The team is joined by GuestKats Mirko Brüß, Rosie Burbidge, Nedim Malovic, Frantzeska Papadopolou, Mathilde Pavis, and Eibhlin Vardy
InternKats: Rose Hughes, Ieva Giedrimaite, and Cecilia Sbrolli
SpecialKats: Verónica Rodríguez Arguijo (TechieKat), Hayleigh Bosher (Book Review Editor), and Tian Lu (Asia Correspondent).

Tuesday, 28 December 2004


The IPKat's just discovered another new book, courtesy of Sweet & Maxwell: it's called The Law of Photography and Digital Images and it's by a London-based barrister, Christina Michalos.

The publisher's blurb describes the book as a "groundbreaking work" which provides "a one-stop source for all lawyers advising on the law of photography and digital images". Having written a book or two in his time, the IPKat would prefer "backbreaking" to "groundbreaking", but the bit about the one-stop shop is right. This isn't just a book about photography and digital images in their intellectual property context: a quick perusal of the table of statutes and statutory instruments provides a salutary reminder of the vast number of legal issues that beset photographers and those who want to use their images but which have absolutely nothing to do with the usual copyright issues of ownership, control, licensing and infringement. The human rights dimension is a just one case in point: some people don't want to be photographed while others pursue them, camera in hand, with passionate intent.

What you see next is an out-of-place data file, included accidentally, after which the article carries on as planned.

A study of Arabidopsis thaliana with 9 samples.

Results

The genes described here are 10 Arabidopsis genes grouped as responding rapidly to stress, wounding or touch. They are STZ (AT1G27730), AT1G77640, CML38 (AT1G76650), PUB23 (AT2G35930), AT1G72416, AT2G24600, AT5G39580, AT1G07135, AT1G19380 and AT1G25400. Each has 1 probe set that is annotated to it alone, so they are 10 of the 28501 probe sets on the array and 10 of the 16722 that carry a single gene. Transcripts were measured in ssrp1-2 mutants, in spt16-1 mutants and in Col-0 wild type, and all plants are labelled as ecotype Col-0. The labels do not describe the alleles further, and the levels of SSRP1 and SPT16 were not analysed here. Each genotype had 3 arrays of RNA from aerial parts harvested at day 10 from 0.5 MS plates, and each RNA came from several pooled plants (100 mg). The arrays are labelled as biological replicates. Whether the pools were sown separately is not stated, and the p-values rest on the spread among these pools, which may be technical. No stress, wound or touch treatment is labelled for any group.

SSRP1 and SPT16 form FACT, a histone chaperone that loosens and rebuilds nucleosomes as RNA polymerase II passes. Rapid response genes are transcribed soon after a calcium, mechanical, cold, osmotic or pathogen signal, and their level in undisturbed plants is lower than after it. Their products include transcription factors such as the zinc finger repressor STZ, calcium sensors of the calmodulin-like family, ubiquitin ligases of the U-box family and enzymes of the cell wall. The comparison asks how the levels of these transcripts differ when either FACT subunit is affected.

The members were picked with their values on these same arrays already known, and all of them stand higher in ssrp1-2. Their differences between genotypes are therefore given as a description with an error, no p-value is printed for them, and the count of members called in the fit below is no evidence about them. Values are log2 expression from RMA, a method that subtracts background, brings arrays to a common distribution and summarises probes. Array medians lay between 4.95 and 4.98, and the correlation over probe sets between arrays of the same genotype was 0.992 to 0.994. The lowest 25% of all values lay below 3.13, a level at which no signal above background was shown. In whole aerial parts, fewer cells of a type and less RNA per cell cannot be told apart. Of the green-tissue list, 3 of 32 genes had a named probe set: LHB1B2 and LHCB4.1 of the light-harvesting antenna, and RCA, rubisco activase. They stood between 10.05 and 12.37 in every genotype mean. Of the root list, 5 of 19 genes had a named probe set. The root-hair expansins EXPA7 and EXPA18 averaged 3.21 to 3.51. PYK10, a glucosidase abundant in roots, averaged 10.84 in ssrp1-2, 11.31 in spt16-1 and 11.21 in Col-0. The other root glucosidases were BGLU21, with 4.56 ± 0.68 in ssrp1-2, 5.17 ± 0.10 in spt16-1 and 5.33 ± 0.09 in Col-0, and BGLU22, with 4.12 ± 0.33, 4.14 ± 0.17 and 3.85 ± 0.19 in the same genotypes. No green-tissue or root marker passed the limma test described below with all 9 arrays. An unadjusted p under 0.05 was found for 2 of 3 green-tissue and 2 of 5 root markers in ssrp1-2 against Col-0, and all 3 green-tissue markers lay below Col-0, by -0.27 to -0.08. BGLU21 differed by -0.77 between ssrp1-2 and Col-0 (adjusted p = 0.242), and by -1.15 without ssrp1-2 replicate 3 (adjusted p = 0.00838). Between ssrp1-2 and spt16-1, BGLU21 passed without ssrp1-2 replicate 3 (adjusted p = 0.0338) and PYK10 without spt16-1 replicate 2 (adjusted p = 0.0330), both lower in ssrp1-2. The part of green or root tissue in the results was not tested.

The IPKat likes the way the author has tackled the subject. She has not been sparing in her research, bringing numerous US and other non-UK citations to bear. If he had written the book, he would probably have given less space to the bits that deal with the Advertising Standards Authority and Press Complaints Commission -- not because the author has over-analysed them (she hasn't) but because they seem to him to be such weak and wimpish bodies and he doesn't like to think of genuine victims of advertising and press abuse being led to think they can really be of any help.

Christina Michalos has got her subject in sharp focus

The rather steep price of £155 suggests either (i) that the publishers know they've got a captive audience who will pay anything for a book on this subject and of this quality, or (ii) that they aren't expecting to sell too many copies. If this results in fewer people reading this work, that would be a shame. This book is obviously written by someone who is both well-informed and enthusiastic: it deserves a good audience too.